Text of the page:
Author: Georgia Taylor
Active Travel New Dimensions

Last year, nationwide gym closures and evidence linking Covid-19 with carrying extra pounds, led to people escaping their lockdown-era strongholds at home and taking to the streets for exercise and fresh air. We rediscovered the joys of cycling, walking, running, and roller-skating, bike sales boomed, and the park and the promenade were places to be seen, socialise and break a sweat. 

Whilst eager to refamiliarise ourselves with shops, restaurants and socialising, little thought has been given to how we will get there. As transport planners, we have a golden opportunity to nurture newfound interests in outdoor activity and cement active travel as a cultural norm for future generations through well-thought-out ‘behaviour change’ campaigns.

Action Activity Adventure 1374543

The UK Government is investing £2 billion in active travel through Local Authority delivered schemes and cities are ready to welcome back work-bound cyclists with a red carpet of new dedicated ‘safe space’ infrastructure such as segregated cycle lanes and safe cycle parking. With flexible working arrangements forecast for many industries, some of the barriers to sustainable transport have fallen away and a healthy work-life balance is now top of the agenda. Freed from our rigid old routines, we now have real choices when it comes to how and when we exercise and travel as we explore our ‘new normal’. 

Cargo Bike

Meanwhile, multiple industries are stepping up to meet the surge in demand for home deliveries with more sustainable approaches to last-mile deliveries in the form of e-bikes and cargo-bikes. 

Many job roles that traditionally required a car, such as food delivery services, are now being fulfilled by cyclists, as businesses seek to entice new riders with offers of free safety kits and subsidised costs for the purchase of a branded e-bike.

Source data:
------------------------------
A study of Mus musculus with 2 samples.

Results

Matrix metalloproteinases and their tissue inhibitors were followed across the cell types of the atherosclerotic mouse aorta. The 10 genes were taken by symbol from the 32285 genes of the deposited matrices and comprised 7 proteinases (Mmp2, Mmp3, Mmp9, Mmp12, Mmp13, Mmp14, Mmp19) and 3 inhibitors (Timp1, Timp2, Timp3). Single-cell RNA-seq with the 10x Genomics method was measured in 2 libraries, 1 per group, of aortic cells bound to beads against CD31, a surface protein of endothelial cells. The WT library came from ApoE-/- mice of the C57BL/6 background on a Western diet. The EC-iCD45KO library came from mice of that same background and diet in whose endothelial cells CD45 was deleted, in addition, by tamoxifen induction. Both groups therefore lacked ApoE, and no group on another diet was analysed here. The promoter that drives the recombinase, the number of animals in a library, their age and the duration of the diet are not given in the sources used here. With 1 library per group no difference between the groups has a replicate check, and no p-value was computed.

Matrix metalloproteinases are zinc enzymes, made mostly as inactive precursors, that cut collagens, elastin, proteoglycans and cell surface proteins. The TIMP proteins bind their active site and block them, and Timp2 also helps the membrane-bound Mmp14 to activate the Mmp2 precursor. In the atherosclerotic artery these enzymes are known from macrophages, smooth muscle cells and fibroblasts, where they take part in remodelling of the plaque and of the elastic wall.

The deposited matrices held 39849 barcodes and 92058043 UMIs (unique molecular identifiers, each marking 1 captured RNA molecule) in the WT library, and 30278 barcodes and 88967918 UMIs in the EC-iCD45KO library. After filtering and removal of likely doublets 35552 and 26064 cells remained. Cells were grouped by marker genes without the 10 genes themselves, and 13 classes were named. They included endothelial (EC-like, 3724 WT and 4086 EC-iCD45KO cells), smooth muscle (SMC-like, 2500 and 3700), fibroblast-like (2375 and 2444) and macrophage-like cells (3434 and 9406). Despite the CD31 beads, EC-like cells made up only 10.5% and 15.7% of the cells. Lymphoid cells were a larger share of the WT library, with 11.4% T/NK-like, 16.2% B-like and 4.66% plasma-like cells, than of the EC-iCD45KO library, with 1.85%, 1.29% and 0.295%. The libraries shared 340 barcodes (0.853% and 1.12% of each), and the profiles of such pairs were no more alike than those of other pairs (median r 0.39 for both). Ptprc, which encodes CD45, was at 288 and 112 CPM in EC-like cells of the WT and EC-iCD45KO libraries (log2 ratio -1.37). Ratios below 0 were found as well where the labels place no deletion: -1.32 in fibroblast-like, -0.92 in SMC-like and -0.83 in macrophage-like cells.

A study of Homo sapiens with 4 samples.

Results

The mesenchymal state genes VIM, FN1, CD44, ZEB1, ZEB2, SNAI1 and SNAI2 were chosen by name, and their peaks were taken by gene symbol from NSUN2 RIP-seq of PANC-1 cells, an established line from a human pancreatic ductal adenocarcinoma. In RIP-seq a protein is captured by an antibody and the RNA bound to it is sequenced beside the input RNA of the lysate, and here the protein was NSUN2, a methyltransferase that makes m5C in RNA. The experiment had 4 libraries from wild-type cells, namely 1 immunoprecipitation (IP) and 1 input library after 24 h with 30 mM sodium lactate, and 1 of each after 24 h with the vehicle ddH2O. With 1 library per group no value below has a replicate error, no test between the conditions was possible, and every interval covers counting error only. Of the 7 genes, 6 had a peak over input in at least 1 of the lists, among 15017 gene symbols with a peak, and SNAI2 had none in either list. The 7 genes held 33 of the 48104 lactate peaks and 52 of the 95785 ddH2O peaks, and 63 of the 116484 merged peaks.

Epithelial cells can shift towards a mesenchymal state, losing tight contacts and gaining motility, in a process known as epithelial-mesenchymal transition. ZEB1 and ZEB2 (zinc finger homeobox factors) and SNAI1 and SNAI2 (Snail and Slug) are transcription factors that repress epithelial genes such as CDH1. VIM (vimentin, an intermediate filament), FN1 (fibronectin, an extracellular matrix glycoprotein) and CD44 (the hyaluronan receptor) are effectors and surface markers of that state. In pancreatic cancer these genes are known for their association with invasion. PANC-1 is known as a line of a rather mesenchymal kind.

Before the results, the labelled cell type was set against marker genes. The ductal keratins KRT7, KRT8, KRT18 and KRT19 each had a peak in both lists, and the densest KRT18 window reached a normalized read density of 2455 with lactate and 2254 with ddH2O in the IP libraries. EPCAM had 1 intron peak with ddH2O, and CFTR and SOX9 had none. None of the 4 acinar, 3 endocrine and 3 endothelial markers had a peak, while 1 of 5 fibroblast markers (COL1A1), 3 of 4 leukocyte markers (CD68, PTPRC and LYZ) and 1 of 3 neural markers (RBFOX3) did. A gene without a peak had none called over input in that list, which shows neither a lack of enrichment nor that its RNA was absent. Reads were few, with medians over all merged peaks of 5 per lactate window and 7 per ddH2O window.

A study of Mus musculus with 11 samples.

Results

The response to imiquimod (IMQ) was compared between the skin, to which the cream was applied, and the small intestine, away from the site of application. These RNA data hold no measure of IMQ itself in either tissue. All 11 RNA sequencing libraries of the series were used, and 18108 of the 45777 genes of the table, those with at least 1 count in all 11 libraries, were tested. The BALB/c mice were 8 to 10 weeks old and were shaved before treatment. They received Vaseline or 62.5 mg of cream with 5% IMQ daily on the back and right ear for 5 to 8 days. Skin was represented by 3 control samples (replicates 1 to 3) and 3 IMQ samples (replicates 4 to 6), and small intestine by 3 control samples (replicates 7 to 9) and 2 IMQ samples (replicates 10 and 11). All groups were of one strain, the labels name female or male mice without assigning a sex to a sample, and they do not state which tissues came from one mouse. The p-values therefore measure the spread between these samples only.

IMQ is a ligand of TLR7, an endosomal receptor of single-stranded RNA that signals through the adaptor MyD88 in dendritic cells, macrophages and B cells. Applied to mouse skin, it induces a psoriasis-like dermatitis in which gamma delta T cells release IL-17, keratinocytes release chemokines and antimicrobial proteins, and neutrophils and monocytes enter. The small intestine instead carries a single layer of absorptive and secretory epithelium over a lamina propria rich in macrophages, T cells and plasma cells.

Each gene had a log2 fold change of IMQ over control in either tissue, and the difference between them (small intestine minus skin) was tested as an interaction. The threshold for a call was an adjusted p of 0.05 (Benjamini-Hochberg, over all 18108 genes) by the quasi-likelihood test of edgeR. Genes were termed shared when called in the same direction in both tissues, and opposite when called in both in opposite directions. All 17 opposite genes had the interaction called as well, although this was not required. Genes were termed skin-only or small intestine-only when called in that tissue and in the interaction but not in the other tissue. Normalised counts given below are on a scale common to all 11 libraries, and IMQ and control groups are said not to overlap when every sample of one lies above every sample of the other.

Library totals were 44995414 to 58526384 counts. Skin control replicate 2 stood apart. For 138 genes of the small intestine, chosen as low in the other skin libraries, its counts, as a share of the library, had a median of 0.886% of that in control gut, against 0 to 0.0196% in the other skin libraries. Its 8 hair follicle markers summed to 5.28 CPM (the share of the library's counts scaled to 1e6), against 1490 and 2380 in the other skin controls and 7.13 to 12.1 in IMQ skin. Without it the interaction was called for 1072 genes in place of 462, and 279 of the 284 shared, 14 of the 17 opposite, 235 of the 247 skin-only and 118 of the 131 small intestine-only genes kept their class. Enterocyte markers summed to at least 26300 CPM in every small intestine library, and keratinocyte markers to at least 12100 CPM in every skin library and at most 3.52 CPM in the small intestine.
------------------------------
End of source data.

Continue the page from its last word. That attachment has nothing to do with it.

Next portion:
It’s not all bad news for the high street either, those shops that have weathered the storm of recurring lockdowns, are seeing more people choosing to shop local; and some recent studies show that pedestrians and cyclists spend more in shops than those arriving by car. Retailers have an opportunity to attract new shoppers by providing nearby cycle storage, add in a little extra ‘oomf’ from an e-bike and we can fill up our saddle bags and shopper baskets and still make it home without breaking a sweat. 

Healthy vibrant places are, above all, places where mobility is diverse and integrated transport systems can be effortlessly navigated by all but, all too often, new infrastructure arrives unannounced on our streets and the public are both unaware and uninspired. Infrastructure launch events and promotion campaigns that celebrate the cyclist and the public transport user can reward positive behaviours and encourage longer lasting behaviour change.

Cycle Path

The cycling renaissance promises more time, better health, stronger communities, cleaner air and safer streets, but when the temptation comes knocking to clamber back into our cars we need to take off the rose tinted glasses of pre-pandemic travel and ask ourselves whether we truly prefer the world we left behind to the one that is now just a few breaths of fresh air away. 

If you've missed the other blogs we've shared for ITP's Active Travel Month, visit our website or follow us on social media.